Market Day in Liberia: Salt, Palm Oil and Expanded Family Planning Services

August 7, 2013 • Family Planning, Reproductive Health, News

Market Day in Liberia: Salt, Palm Oil and Expanded Family Planning Services

Buchanan, Liberia-When Marwo Weagai opens for business at the local market here, she sells bags of salt, bottles of palm oil and dried spices-and also offers free family planning (FP) advice and supplies to interested shoppers. Marwo is among 22 market vendors participating in an innovative program in three counties in Liberia to increase women’s access to FP counseling and services.

Many of the market vendors know from personal experience the challenges faced by Liberian women who want a safe and reliable method to plan their families. For example, long lines at health facilities are a deterrent to accessing services for women who are busy caring for and trying to support their growing families. In Liberia, the average number of children per family is five. And, according to the latest Liberia Demographic and Health Survey (LDHS 2007), the unmet need for contraceptives is 36 percent. Moreover, the maternal mortality ratio is 994 per 100,000 live births-one of the highest in the world.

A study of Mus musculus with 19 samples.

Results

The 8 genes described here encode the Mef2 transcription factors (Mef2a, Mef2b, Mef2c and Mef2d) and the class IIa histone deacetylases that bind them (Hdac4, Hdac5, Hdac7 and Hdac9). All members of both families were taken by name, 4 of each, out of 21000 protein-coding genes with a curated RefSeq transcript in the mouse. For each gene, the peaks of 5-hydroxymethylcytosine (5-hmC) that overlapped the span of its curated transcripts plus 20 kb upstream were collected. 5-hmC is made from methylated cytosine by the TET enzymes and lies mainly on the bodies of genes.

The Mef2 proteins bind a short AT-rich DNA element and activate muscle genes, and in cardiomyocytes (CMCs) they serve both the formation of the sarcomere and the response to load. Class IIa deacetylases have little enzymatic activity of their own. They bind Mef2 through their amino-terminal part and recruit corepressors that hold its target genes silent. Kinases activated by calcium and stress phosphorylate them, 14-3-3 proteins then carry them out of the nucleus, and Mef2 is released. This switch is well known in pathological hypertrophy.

To address these issues, Jhpiego-through the support of the U.S. Agency for International Development’s Maternal and Child Health Integrated Program (MCHIP)-partnered with the Ministry of Health and Social Welfare and developed an innovative program to train women who work in the markets to be FP peer counselors and providers. Their market stalls are now posted with signs that say “Free Family Planning Services.”

In Grand Bassa, the volunteer counselors promote healthy behaviors and provide counseling, condoms and refills for contraceptive pills; they refer first-time users to a health facility.

“I like and enjoy this program, because it has increased my knowledge on family planning,” says Marwo, who also talks with family and neighbors outside the market about their FP options and encourages them to visit her stall in the market. “Every morning, when I come and put my market wares on the table, I go around talking to my peers about FP; those who are interested and are continuous users come for refills, and new clients, I encourage them to go to any government health facility of their choice for FP services.”